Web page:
Clean Tech

These shoes are running a campaign to keep the oceans plastic-free

Preeti Mehra | Updated on May 21, 2019

Trash hunt A large part of the plastic debris is washed up on the beach during tidal activity

Adidas is using plastic recovered from the seas to make shoes, jerseys and football kits

With eight million tonnes of plastic dumped annually into the sea, the world is faced with the grim prospect of more plastic in the oceans than fish by 2050. To avert this environmental calamity, several voluntary groups and businesses have been initiating efforts to intercept, recover and recycle the plastic that has found its way into the waters.

One innovative project that is up and running is by sports shoe manufacturer Adidas. The company hopes to discontinue using virgin plastic components from its products and packaging by 2024 and become carbon-neutral by 2050.

Last year, the company produced over five million pairs of running shoes from 95 per cent post-consumer recycled plastic recovered from oceans and beach clean-ups. This year, the company hopes to manufacture around 11 million pairs of the shoes before the end of the year — an over 100 per cent increase.

On the global front, Adidas has been partnering with Parley, a voluntary group, to prevent plastic from reaching the oceans and transforming this plastic into high performance sportswear. Hence, Adidas uses Parley Ocean Plastic material created from upcycled plastic waste instead of virgin plastic in the making of its ‘adidas x Parley’ products.

“Parley for the Oceans works with its partners to collect, sort and transport the recovered raw material (mainly PET bottles) to our supplier who produces the yarn, which is legally trademarked. With the production of one pair of Parley shoes, we prevent approximately eleven plastic bottles from entering our oceans,” explains Sharad Singla, Director Brand Marketing, Adidas India.

Awareness drive

To give the movement impetus and to spread awareness, every year, on June 8, which is World Oceans Day, Adidas organises its Run for the Oceans (RFTO) event on the crucial issue of ocean pollution. For this it uses its app Runtastic, which it acquired in 2015. The app, available on both iOS and Android, provides sports tracking and management solutions, and enables runners to track their progress while training.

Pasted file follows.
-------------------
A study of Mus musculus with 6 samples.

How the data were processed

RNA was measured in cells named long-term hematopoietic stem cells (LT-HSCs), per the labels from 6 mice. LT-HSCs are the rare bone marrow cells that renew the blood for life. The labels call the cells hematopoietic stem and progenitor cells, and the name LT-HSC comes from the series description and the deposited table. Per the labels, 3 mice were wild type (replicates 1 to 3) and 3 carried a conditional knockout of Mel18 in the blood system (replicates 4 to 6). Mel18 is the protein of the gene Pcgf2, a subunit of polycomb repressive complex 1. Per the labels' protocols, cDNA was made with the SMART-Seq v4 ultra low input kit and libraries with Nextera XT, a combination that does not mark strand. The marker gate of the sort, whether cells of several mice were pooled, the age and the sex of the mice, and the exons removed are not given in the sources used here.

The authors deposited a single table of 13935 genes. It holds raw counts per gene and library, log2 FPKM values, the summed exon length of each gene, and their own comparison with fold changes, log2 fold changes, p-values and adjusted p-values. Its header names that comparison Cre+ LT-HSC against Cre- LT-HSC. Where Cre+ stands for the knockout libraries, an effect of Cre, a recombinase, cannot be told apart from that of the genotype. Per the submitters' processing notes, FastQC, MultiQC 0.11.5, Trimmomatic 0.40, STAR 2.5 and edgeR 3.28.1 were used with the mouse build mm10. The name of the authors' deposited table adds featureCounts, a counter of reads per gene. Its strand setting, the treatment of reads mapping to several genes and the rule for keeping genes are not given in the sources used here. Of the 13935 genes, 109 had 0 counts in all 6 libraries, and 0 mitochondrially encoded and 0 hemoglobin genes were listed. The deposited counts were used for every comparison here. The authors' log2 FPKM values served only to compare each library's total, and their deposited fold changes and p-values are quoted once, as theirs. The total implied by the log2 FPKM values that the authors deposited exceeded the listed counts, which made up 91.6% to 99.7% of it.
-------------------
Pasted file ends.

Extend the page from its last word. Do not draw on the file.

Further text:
This year, RFTO will feature from June 8 to June 16 on Runtastic. In India, this will be clubbed with inviting Mumbai city to Versova beach for a run and beach clean-up similar to the previous year. Once again, Adidas has extended support to Afroz Shah, a Mumbai-based advocate who has been dedicated to tackling marine pollution and was UN Champion of Earth in 2016 for the event.

The Run for the Oceans also includes a monetary component, with Adidas matching every km tracked with a $1 donation towards fighting marine pollution. “We will also be activating the movement in Delhi, Bengaluru, Goa and Chennai this year with local partners in the cities. Last year, we had 7,500 people running for the cause. We hope to double the number this time,” says Singla.

Though in India Adidas works with local factories to process plastic into yarn and Parleys is yet to enter the scene, over the years Parley for the Oceans has created quite a massive global network and works on several environment projects. It basically brings together all kinds of people dedicated to the cause of pollution and addresses threats to oceans.

The challenge

But this is not an easy task. Parley finds it a “big challenge” to retrieve plastic that floats in the sea, where the debris apparently break down into pieces even less than one-fourth of an inch. The centre of a vortex where the plastic concentration is highest is constantly moving. It is difficult to collect the plastic without harming fish and other sea life.

However, a large part of the plastic debris gets washed up on the beaches during tide activity and it is from here that Parley collects the plastic through its network.

This is then turned into products. Apart from shoes and jerseys, Adidas has also extended its ocean commitment by making football kits out of fabric derived from ocean plastic.

“For the 2018-19 season, all the third kits of leading football clubs including Manchester United and Real Madrid have been made from up cycled Parley fabric. It has additionally designed limited-edition Parley kits for Manchester United, which the ‘Red Devils’ wore on their summer tour of the US last year in a bid to raise awareness of the global plastic pollution crisis…. the power for change lies in the hands of the consumer — given we all have a choice — and the power to shape this new consumer mindset lies in the hands of the creative industries,” says Singla.